Advanced Core for Athletes

A strong core goes a long way in athletes, far beyond the “fit” appearance.  In athletes, a strong core equals higher power output, increased ability to balance in an otherwise unnatural posture, better muscle coordination and will increase endurance, so to say athletes should have a strong core is an understatement; athletes need to be strong in the frontal, sagittal and transverse plane.  


There are many ways to strengthen the core, and each has a specific function.  To start off with, while performing any action with added load to the body, like in the weightroom require a tight core for stabilization.  The exercises that probably come to the forefront of our mind are the static core exercises like crunches but core exercises go way beyond that.  To preface this, static core exercises are important for development and should not be overlooked, but let's dive into some advanced core exercises that all athletes should be doing in their workouts.  


Athletes are almost never in a normal body positioning that requires them to have unilateral balance and strength, or balance and strength on one side of the body so they can overcome the position they find themselves in to get back to an explosive position.  Holding a dumbbell in only one hand while the athlete performs a variety of exercise like farmer carries, walking lunges and overhead carries are great core exercises that requires the core to overcome the unilateral load on one side of the body, as well as the core/trunk muscles to fire to stay in an upright, tight position so they do not lose their balance.  


Planks are a great core exercise, but we can progress a simple plank into much harder variations, so once you feel a normal plank starts to get too easy, try out one of these variations.  Side planks are a tough step up from a normal plank, but to take it even further, lift the top leg up.  This is complicated because not only do you need the obliques to fire to keep your hips up while maintaining a straight line, the opposing obliques and transverse abdominis need to contract to keep the leg up in the air.  Now if the side plank variation is too easy and an increased challenge is calling your name, get in a normal plank position, but lift one arm straight infront of you and the opposite sided leg.  Going back to the unilateral force, this progression of a plank forces the athlete to overcome a weak position due to the weight of the arms and legs in order to maintain stabilization and balance in this position.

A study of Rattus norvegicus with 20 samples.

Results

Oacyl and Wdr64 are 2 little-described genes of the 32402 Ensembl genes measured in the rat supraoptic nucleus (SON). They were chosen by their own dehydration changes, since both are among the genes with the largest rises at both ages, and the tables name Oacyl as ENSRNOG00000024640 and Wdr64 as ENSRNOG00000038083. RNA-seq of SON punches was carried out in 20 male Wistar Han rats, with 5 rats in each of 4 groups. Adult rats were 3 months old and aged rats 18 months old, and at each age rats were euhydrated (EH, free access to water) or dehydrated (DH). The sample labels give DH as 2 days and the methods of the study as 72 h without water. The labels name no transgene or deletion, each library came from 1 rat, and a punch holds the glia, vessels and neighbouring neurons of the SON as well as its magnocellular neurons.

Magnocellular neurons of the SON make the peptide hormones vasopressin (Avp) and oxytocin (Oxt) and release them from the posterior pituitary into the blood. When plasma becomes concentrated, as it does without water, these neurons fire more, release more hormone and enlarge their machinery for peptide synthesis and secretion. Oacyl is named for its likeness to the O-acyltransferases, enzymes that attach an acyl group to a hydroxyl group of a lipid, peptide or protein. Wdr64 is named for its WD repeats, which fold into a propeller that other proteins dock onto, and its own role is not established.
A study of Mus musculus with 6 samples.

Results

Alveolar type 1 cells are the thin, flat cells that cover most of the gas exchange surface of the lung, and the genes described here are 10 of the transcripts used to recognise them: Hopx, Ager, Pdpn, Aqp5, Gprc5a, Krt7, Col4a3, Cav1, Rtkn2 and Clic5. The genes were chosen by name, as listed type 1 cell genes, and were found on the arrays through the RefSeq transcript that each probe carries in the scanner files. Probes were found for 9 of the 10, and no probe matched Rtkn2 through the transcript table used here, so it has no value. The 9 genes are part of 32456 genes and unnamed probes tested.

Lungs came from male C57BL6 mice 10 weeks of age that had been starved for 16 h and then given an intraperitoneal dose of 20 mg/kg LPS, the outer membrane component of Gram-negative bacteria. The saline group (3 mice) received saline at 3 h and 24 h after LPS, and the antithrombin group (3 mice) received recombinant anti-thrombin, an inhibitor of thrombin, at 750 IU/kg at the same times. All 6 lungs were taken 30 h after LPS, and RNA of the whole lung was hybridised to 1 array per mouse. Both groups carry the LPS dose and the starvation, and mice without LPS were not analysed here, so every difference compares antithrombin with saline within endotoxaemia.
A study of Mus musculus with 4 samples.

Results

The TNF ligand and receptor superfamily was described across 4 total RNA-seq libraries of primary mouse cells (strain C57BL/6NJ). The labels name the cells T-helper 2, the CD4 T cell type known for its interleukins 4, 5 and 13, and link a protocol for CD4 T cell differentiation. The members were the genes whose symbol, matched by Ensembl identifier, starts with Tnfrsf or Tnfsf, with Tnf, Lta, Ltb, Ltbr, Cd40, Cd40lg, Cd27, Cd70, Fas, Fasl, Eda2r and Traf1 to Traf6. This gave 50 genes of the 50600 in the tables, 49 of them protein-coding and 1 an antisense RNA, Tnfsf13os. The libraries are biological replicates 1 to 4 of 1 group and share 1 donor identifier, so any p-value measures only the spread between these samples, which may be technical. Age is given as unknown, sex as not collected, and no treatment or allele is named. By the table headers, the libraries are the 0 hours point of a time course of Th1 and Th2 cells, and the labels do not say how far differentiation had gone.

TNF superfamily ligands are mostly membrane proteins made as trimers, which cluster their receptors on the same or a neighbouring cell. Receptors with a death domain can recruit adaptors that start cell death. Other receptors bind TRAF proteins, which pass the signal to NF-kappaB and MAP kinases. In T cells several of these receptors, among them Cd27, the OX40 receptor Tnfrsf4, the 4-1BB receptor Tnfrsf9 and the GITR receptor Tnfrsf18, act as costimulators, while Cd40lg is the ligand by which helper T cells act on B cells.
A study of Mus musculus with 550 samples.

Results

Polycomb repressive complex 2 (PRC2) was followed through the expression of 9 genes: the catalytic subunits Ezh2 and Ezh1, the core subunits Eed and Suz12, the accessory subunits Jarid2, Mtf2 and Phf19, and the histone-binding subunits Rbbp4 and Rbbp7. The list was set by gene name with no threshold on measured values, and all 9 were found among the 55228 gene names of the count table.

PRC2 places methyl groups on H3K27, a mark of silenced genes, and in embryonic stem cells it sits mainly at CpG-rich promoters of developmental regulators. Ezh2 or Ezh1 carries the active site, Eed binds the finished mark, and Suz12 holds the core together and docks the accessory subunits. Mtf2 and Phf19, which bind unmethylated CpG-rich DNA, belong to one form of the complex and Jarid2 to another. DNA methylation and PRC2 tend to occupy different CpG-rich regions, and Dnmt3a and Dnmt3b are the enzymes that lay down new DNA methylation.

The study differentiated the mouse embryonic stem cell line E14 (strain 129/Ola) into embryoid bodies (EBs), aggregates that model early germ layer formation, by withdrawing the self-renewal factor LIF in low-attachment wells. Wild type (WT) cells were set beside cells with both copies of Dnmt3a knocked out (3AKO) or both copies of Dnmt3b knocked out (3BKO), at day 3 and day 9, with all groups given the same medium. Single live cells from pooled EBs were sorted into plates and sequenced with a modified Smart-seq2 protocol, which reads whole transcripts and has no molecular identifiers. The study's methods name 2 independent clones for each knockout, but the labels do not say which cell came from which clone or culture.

Other exercises that are very tough but phenomenal for developing hip flexor/core/overall upper body strength are any hanging exercises.  Hanging leg raises, knee raises, knee rotations, toes to bar or L holds are challenging exercises that require an immense amount of core strength because 

A) You need to overcome gravity 

B) Your lower abdominal muscles need to be strong to initiate the hip anterior rotation

C) You need to be able to stop the swing of the body before the swing occurs, meaning: we need to keep not only our core tight to control our legs on the descent, we need to keep our shoulders locked into position, we need to engage our lats and other muscles in our back


So if you are an athlete looking to get an even stronger core, remember that strengthening our core from a unilateral loaded position helps with balance, stabilization and overcoming a naturally weaker position.  Try to incorporate the unilateral approach next time you do a plank.  And if you have never tried a hanging core exercise, give it a try, your abs will be on fire by the time you are done!  Hope this helps in your journey to seek stronger abs!